Chisso accountable to public
POINT OF VIEW/ Hidetoshi Iwasaki: Chisso accountable to public, not shareholders
THE ASAHI SHIMBUN
Chisso Corp., the chemical maker responsible for the outbreak of Minamata disease in the 1950s, has rejected the financial relief package put together by the ruling coalition for unrecognized patients of the disease, a neurological syndrome caused by mercury compounds the company dumped into Minamata Bay in Kumamoto Prefecture.
In explaining the reasons for rejecting the measure, Chisso said the 1995 political settlement with unrecognized patients of the disease was supposed to be a "total and final" resolution of the compensation issue. The company also said it would not be able to give a convincing justification for the fresh payments to its shareholders, employees, financial institutions and business partners.
But Chisso's argument about its accountability is unsound. Its management should be held accountable to the nation's public, not the 36,000 shareholders of the company.
Under a capitalist system, the chief executives of shareholder-owned companies are selected by the directors, who are appointed by shareholders meetings. The chief executives are expected to run the companies for the long-term interests of shareholders. This is the basic structure of corporate governance.
But what exactly are the interests of shareholders of Chisso, a company whose liabilities have exceeded its assets by more than 100 billion yen for 20 years?
Chisso's shareholders must be well aware that the net economic value of their stakes in the company (including claims to the firm's remaining assets) is in the minus territory.
The company with a negative net worth of over 100 billion yen has been kept alive by joint financial aid from the state, Kumamoto Prefecture and creditor banks.
In reality, these creditors supporting Chisso--the central and prefectural governments and the financial institutions--are the true owners and stockholders of the company.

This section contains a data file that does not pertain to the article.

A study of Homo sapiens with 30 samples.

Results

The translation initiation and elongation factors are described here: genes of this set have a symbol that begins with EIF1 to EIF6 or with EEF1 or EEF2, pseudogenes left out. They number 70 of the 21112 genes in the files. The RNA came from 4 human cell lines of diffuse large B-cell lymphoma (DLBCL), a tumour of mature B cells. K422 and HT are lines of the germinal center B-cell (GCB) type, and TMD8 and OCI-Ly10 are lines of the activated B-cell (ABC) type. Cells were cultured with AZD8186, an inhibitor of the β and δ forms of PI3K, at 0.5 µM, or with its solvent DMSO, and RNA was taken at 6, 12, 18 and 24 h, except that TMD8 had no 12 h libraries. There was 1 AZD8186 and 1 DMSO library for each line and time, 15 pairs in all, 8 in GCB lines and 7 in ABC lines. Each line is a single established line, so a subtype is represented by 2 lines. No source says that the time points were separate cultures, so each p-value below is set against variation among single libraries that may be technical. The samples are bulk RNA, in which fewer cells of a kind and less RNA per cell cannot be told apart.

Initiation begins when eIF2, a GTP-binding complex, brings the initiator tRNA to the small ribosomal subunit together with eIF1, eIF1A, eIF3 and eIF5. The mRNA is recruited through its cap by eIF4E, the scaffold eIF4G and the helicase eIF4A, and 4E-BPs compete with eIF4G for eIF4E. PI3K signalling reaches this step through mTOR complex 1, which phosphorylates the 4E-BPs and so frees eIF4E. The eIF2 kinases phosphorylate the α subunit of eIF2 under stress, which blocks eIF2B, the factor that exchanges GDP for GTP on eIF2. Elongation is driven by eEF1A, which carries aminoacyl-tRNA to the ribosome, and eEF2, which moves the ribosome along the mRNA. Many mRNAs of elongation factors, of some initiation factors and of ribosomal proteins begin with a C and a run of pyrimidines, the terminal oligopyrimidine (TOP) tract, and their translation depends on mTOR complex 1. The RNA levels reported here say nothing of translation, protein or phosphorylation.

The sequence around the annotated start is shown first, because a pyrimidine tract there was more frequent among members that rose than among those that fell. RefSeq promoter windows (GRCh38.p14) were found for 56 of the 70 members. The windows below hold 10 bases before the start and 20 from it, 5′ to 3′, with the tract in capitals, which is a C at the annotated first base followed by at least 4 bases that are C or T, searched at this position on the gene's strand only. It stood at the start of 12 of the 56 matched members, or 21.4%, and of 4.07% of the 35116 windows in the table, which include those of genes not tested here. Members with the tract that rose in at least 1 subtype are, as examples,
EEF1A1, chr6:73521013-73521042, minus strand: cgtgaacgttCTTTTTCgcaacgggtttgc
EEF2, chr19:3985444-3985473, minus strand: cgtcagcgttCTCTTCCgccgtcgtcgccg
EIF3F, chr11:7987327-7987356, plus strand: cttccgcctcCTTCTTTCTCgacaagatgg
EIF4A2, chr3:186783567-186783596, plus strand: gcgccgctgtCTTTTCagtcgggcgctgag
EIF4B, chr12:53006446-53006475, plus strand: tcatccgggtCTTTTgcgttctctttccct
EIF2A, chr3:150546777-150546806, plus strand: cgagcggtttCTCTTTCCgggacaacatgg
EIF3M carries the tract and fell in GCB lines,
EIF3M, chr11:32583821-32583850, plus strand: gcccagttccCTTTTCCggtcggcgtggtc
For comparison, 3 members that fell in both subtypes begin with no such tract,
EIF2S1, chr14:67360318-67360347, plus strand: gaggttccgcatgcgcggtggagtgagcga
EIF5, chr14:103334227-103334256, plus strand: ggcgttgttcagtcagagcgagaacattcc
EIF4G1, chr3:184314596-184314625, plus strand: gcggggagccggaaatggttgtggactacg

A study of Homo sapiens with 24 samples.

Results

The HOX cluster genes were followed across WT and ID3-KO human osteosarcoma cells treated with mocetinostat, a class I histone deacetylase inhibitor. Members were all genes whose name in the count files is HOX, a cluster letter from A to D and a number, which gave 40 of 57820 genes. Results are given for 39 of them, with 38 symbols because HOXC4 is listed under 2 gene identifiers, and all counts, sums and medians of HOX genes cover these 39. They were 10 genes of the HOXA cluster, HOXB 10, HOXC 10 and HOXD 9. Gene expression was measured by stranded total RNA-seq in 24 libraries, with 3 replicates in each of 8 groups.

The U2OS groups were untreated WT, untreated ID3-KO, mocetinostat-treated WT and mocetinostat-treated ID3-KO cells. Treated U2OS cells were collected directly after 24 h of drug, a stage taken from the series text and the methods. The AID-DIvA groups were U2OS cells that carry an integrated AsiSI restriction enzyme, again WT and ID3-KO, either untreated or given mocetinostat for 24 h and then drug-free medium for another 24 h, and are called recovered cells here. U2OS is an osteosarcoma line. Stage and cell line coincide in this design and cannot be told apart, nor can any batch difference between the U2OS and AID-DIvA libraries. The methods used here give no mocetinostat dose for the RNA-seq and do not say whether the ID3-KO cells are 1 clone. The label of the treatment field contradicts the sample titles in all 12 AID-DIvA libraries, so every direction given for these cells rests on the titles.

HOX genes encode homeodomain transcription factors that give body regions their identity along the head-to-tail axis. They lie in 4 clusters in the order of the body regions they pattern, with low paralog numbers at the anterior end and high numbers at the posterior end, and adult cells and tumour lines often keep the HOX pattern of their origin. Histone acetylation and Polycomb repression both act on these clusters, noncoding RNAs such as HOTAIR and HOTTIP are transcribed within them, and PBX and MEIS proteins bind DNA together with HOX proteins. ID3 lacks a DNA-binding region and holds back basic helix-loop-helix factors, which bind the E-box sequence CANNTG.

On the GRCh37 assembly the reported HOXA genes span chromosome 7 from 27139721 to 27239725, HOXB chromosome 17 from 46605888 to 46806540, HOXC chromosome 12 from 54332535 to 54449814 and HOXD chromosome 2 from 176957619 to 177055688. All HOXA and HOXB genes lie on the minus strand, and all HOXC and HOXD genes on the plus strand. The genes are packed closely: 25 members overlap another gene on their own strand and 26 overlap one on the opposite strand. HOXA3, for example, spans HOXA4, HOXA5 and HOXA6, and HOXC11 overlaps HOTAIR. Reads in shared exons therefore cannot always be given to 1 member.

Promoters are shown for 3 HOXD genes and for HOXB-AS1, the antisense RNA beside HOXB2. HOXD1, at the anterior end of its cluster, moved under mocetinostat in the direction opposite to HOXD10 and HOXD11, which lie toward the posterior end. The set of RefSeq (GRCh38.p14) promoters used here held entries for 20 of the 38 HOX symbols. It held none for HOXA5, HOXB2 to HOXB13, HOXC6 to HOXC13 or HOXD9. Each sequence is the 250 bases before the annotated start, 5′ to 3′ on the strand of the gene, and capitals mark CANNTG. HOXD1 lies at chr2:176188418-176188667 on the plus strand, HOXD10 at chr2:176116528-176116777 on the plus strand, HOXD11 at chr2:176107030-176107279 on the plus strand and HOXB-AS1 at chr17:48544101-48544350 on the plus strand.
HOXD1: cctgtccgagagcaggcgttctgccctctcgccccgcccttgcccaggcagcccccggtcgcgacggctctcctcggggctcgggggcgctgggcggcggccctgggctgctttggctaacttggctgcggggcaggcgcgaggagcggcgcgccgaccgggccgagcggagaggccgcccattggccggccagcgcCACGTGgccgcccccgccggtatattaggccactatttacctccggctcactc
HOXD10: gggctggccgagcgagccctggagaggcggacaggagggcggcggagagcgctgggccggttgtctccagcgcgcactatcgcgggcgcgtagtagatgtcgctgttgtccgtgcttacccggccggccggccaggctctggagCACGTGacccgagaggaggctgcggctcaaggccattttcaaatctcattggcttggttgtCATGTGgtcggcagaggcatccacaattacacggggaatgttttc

Under the life-support system for Chisso, Kumamoto Prefecture issues bonds and lends the money raised to the firm. Most of the bonds are bought by the central government under the arrangement, which is backed by a Cabinet decision to prevent this effort from imposing a burden on the prefecture's finances.
In other words, the central government is Chisso's largest creditor, providing massive financial support to the company. And it is taxpayers' money.
Instead of worrying about their accountability to the "nominal" shareholders who are fully aware that the firm has only negative shareholder value, Chisso's top executives should focus their management attention on the creditors, which have provided a total of 177 billion yen in long-term and short-term loans. And they should realize that the state is the largest creditor.
These creditors should play a higher-profile role for the company's management. They should take steps to turn themselves into actual shareholders, such as converting the bonds into stocks or using convertible preferred stock under the financial support program, to enhance their control over the Chisso management team.
If these creditors, which should be regarded as the firm's hidden but real owners, are hesitating to exercise greater control and oversight of the company's management because of fears of being linked to the company responsible for the environmental disaster, the financial support plan will lose support among the public.